Are You Designing Your Own Logo?

design logos Mar 22, 2019

So many people today are creating their own logos for their businesses.

When you are designing your logo yourself, did you ask your mom what she thinks?

Did she say, “Well honey I love it but I think it should have some green in it because that's my favorite color.”

Then did you go and ask your teenage daughter if she liked it? Her answer may have been “ I think it’s too lame, I would add a bitmoji.”

Then did you ask your husband what he thought?  What was his answer? “It looks good but maybe I would add an illustration to it.”

I know your favorite color is purple and you love unicorns, but a logo must represent your business. Reverse your role. Imagine you are the client...what are you looking for if you were shopping for this product?  Keep your family out of it. Ask your target market. Ask your ideal client what he/she thinks. Does the logo represent your business? Is it legible? Does it look good small or large?

Colors have meaning too.

Red  - represents energy, passion action but also means anger.

Orange  - represents optimism but also represents of pessimism

Yellow- means optimistic and cheerful but also suggests impatience and cowardice.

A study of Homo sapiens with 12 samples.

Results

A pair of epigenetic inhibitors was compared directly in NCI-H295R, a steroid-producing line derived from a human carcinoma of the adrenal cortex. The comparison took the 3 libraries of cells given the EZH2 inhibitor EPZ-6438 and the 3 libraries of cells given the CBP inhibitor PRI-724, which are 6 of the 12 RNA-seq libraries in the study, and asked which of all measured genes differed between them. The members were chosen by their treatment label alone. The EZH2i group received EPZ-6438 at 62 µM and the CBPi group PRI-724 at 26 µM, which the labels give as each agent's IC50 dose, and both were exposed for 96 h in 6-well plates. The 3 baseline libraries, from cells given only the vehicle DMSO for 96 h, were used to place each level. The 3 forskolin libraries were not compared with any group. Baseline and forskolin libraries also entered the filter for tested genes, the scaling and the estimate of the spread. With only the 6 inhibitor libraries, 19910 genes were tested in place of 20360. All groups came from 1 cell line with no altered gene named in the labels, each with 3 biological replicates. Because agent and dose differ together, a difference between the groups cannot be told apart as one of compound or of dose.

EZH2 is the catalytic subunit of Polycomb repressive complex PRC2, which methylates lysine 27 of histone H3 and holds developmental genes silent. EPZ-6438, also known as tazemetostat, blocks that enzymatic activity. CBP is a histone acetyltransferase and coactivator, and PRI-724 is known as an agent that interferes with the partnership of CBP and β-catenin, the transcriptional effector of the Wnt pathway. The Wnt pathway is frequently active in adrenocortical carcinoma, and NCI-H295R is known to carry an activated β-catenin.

Green - means balance and growth but also represent possessiveness

Blue -  represents trust and peace but also means conservatism

Black - represents mystery but also represent hidden

White - represents pure but also means innocence.

(for more information on color: https://bit.ly/2vRRklp)

 

Look at your competitors and see what their logo or brand looks like. Keep your logo simple. It must instantly communicate what your business is. Your logo must look legible small as in an ad or large on a banner hung up at a large event.

I have heard many clients who have their logo and don’t have copies of it as a png, tiff or jpg. Lots of times, they’ve had it for so long, they don’t remember who the designer was or can’t find him/her. So they are stuck with a very small logo that doesn’t scale up. The resolution is so low that if they make it larger, it becomes blurry and digitized.

Higher a Graphic Designer. If you want your business to look professional, not amateurish. Paying for a Graphic Designer to design your logo is NOT throwing your money away. Fortune 500 companies put down millions to have their brand developed.

When you have your logo designed, ask for a jpg, tiff, png and a pdf. Also ask for a reference sheet. This will tell you what fonts are used in the logo, size, color breakdowns so you can take these elements and incorporate it into your website or marketing materials. For Instance, if  Avenir is used in your logo, you can use Avenir in the body copy of your brochure or ad. This keeps everything consistent.

A well designed logo will give you powerful recognition and will play an important part of your clients decision to trust your and your brand.